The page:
Tuesday, April 19, 2011

Corpses in the Ditch

Northwestern Europe is dotted with earthen constructions that our medieval ancestors called "castles," but were re-christened by Victorian archaeologists "hill forts." For puzzling reasons having to do with the mindset of twentieth-century anthropology, there has been a movement among archaeologists to insist that these Iron Age structures were not forts at all. Insisting that the "forts" were not really defensible, archaeologists have argued that they were livestock corrals, or ritual enclosures, or gathering places where dispersed tribes met on an annual basis. It always struck me that the medieval people who dubbed them "castles" knew a whole lot more than we do about what was really defensible in the Iron Age, but the impulse to overturn the received wisdom is very strong in modern science. Add that to the turn among anthropologists away from tribal warfare as an explanation for everything, and toward ordinary life and economic themes, and an insistence that hill forts were not military constructions was all but inevitable. But consider the new evidence from Fin Cop in Britain:

A burial site contained only women and children - the first segregated burial of this kind from Iron Age Britain. Nine skeletons were discovered in a section of ditch around the fort at Fin Cop in the Peak District. Scientists believe "perhaps hundreds more skeletons" could be buried in the ditch, only a small part of which has been excavated so far.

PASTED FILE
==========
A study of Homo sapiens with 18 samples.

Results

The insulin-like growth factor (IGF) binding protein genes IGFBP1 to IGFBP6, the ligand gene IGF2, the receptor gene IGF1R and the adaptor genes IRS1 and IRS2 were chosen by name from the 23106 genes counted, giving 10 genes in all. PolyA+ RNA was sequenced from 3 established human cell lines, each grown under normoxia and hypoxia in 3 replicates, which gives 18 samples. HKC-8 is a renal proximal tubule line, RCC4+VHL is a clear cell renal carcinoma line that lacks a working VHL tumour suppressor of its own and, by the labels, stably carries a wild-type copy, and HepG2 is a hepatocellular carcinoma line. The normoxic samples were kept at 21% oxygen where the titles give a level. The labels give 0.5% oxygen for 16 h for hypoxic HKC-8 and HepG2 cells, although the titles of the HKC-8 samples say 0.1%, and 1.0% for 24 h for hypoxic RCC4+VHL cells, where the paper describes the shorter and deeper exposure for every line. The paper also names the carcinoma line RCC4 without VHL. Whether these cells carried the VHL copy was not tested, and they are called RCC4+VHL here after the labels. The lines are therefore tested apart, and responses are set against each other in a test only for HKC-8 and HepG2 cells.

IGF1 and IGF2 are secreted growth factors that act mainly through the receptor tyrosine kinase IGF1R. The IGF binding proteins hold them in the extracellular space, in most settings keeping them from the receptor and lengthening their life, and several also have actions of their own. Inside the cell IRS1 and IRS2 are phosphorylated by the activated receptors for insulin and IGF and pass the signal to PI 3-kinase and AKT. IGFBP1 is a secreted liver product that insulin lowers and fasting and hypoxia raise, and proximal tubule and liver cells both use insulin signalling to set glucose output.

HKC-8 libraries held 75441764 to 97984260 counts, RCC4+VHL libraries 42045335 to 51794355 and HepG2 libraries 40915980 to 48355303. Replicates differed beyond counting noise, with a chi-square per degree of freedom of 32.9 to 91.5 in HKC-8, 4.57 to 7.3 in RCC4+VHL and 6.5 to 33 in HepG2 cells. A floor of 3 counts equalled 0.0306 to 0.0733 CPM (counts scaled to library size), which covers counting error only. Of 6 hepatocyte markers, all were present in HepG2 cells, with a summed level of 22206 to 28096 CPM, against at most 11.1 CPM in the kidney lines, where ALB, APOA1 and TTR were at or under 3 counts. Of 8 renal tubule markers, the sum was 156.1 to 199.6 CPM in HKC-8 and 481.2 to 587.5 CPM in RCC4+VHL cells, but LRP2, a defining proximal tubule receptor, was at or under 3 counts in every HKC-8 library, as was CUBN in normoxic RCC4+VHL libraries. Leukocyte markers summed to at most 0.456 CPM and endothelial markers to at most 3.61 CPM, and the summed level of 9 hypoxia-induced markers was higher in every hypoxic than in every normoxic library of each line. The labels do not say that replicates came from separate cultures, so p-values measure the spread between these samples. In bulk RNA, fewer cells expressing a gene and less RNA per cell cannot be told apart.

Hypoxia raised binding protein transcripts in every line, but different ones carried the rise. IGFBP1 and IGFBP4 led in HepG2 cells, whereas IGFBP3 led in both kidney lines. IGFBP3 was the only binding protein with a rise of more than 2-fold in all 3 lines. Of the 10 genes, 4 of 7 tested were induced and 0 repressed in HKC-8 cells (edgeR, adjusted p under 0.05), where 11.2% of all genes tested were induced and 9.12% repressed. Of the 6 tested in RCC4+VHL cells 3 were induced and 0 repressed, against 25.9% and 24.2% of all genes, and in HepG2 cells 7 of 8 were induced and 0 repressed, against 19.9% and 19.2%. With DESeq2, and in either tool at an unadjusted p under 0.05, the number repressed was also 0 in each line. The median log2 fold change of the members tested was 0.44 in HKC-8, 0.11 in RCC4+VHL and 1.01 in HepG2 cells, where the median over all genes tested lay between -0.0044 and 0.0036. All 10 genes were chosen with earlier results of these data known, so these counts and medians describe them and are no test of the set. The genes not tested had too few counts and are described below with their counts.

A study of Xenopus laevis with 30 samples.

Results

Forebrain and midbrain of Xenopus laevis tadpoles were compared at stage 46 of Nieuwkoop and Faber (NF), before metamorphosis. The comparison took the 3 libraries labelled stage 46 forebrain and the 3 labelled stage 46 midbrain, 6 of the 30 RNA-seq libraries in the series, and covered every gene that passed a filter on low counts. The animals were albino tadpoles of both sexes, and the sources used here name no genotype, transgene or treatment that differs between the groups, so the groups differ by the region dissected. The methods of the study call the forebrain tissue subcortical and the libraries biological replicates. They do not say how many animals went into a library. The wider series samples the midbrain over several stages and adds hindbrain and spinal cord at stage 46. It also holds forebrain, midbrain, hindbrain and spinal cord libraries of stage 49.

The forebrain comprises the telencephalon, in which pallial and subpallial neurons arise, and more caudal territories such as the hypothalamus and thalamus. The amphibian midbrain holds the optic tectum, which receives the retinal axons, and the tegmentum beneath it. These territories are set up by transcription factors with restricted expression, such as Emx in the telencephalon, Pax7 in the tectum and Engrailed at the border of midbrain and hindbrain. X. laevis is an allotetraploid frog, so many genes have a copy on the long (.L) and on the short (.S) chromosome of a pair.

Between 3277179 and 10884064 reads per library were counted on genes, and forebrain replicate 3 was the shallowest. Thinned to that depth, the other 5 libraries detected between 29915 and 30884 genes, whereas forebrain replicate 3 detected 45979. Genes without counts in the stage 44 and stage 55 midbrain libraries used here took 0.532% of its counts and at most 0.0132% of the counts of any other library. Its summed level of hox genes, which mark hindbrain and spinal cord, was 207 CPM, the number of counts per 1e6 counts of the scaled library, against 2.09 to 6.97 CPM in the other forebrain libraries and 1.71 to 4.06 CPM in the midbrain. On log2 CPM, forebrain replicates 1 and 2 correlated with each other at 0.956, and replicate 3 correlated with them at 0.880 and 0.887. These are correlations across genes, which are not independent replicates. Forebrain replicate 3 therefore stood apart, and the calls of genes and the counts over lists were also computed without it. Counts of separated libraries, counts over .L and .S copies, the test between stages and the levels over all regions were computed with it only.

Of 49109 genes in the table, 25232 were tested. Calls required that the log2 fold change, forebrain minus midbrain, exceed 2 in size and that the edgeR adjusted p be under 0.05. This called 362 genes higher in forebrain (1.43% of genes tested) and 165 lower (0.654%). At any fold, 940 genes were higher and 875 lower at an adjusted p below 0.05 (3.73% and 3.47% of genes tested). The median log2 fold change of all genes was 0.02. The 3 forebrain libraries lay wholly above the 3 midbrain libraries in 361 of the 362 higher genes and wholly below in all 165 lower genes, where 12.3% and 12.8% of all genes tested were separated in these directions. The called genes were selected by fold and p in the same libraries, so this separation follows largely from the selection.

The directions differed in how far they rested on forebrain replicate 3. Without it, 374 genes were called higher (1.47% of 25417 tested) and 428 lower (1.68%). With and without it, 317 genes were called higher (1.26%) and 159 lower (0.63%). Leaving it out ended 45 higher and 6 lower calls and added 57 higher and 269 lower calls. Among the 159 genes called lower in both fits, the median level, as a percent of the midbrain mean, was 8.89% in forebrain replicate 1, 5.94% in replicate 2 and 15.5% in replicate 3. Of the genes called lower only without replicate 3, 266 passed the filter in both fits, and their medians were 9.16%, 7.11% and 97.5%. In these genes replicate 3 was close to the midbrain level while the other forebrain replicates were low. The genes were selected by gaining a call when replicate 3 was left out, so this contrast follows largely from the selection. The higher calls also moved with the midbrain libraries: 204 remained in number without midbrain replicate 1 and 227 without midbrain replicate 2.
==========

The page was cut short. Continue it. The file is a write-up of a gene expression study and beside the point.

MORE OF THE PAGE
Construction of the hill fort has been dated to some time between 440BC and 390BC, but it was destroyed before completion. The fort's stone wall was broken apart and the rubble used to fill the 400m perimeter ditch, where the skeletons were found. A second, outer wall and ditch had been started but not finished.

No doubt is possible to explain this as some sort of ritual event, but the obvious intepretation is the one suggested by the excavators:

The findings provide a rare insight into warfare in pre-Roman Britain, according to Dr Clive Waddington of Archaeological Research Services, who directed the excavations.

"There has been an almost accepted assumption amongst many archaeologists that hill forts functioned as displays of power, prestige and status and that warfare in the British Iron Age is largely invisible," he said.

"For the people buried at Fin Cop, the hurriedly constructed fort was evidently intended as a defensive work in response to a very real threat."

The British press is portraying the discovery as "overturning our assumptions," an interesting case study in how quickly a new idea can become an entrenched orthodoxy. The "New Archaeology" didn't exist until after 1960, but already it seems to have penetrated deeply into the consciousness of ordinary Brits:

Ann Hall of Longstone history group said: "Locals have always viewed the hill as a peaceful spot. Now we have uncovered sad evidence of an ancient massacre and learned that our well-loved landmark may also be a prehistoric war grave".

Yes, the locals have thought of the spot as "peaceful" for so long they are surprised to discover that something that looks like a fortress may actually have been one.